The line at a home-based private "pizza parlor" -- takeaway only -- in Havana.
Under the strict canons of the socialist economy -- planned, centralized and subsidized -- self-employment has always been seen as an undesirable species of pest that periodically needs to be abated and occasionally even exterminated. One day the specialists will write the history of the correspondence between the performance of the macroeconomy, the pace of foreign trade, and the response from the corridors of power in loosening or tightening the reins of this denigrated, but successful, creature.
Cuba once had a long tradition of small private businesses: bars, restaurants, shops, kiosks, repair shops and others unimaginable. On the long night of March 13, 1968 they all disappeared at the exact moment in which, from the public square, Fidel Castro proclaimed the Revolutionary Offensive that confiscated everything.
In the mid-seventies there were a few small openings, but it wasn't until 1994, under the crushing impacts of the fall-out from the collapse of the Soviet block, that self-employment and the establishment of small private businesses was authorized on a major scale. The country filled with places where you could eat a beefsteak or a Neapolitan pizza. The straitjacket that had controlled creativity began to loosen. Surprised but happy, we Havanans saw how our city filled with little enterprises and houses converted into restaurants. The euphoria was short-lived, however, because faced with high taxes, a law that prevented the hiring of employees, and the long list of forbidden products, many of these entrepreneurs eventually gave up and shut down.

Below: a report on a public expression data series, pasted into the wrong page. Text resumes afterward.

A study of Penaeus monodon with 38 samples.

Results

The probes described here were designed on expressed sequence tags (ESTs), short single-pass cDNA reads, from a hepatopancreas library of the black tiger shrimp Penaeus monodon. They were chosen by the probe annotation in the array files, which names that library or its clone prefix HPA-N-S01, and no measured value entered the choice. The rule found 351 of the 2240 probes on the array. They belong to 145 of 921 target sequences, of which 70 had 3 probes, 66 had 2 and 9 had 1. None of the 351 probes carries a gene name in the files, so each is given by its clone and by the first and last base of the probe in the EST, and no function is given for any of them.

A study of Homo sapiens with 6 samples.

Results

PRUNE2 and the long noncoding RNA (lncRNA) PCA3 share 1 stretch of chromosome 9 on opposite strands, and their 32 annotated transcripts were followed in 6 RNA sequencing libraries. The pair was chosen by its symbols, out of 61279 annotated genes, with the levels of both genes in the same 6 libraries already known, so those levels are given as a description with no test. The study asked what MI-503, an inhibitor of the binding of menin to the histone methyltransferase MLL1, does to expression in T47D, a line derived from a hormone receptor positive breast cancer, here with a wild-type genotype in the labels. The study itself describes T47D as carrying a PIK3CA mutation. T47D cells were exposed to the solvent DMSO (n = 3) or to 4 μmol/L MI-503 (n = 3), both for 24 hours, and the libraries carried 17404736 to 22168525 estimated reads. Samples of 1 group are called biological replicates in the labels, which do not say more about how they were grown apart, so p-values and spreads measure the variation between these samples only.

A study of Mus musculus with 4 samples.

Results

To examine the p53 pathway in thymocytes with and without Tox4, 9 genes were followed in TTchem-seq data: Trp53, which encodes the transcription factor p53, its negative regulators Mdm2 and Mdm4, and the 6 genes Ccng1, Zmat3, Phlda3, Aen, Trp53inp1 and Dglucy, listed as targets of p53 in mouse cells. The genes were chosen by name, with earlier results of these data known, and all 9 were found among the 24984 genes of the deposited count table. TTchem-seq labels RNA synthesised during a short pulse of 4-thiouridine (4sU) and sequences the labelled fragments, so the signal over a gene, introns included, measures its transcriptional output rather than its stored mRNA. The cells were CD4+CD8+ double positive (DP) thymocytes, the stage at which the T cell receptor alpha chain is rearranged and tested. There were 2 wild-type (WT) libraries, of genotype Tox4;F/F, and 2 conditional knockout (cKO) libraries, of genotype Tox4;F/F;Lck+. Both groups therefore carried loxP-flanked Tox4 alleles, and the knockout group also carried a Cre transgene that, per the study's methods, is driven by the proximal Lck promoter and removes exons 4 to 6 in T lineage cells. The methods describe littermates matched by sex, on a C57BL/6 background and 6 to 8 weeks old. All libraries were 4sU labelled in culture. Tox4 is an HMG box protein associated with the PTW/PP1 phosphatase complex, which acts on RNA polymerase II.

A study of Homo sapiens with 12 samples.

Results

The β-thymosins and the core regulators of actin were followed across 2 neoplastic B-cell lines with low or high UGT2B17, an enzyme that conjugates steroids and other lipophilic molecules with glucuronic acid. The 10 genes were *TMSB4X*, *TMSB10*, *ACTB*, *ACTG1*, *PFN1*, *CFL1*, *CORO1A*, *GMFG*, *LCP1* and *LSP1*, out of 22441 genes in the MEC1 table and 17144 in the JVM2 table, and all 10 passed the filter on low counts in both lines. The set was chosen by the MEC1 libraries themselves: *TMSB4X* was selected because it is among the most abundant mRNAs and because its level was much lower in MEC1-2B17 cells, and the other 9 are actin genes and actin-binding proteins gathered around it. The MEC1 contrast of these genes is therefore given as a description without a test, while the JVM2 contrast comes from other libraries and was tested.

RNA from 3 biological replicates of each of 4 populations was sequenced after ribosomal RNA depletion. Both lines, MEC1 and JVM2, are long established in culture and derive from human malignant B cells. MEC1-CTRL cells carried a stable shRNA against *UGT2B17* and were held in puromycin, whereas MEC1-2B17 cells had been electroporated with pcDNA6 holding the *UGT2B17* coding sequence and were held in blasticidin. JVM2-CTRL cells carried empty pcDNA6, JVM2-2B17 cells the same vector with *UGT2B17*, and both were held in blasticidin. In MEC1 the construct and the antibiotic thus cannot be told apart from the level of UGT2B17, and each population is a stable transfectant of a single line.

Now, Raul Castro's government has announced that half a million state employees will be terminated and that self-employment will be expected to pick up the slack, with a broader authorization of licenses and more flexible contracting mechanisms.
My neighbor Humberto is relieved. In his private restaurant he serves more than a dozen dishes on the sly. Few know that on brilliantly white tablecloths he offers his customers lobster, shrimp and beef. These three products are highly penalized by Cuban law and their possession, "without papers," can lead to a long prison term. Hence, they are not listed on the menu. But if trustworthy looking clients whisper in his ear, the forbidden delicacies emerge from the kitchen, far from the watchful eyes of the inspectors.
As the law, to date, has prevented Humberto from hiring anyone outside his own family, he tried to convince his daughter to marry -- only on paper -- an excellent chef who had recently left his job in a tourist hotel. When he discovered that his daughter was making secret plans to elope with her boyfriend, he thought he might have to surrender his license and trade the saucepan for an illegal taxi. Now, the government's words have offered hope that he might not have to marry off his daughter to gain a chef. Who knows whether the new flexibility could also allow him to openly offer the proscribed menu items which for now he keeps hidden in his kitchen.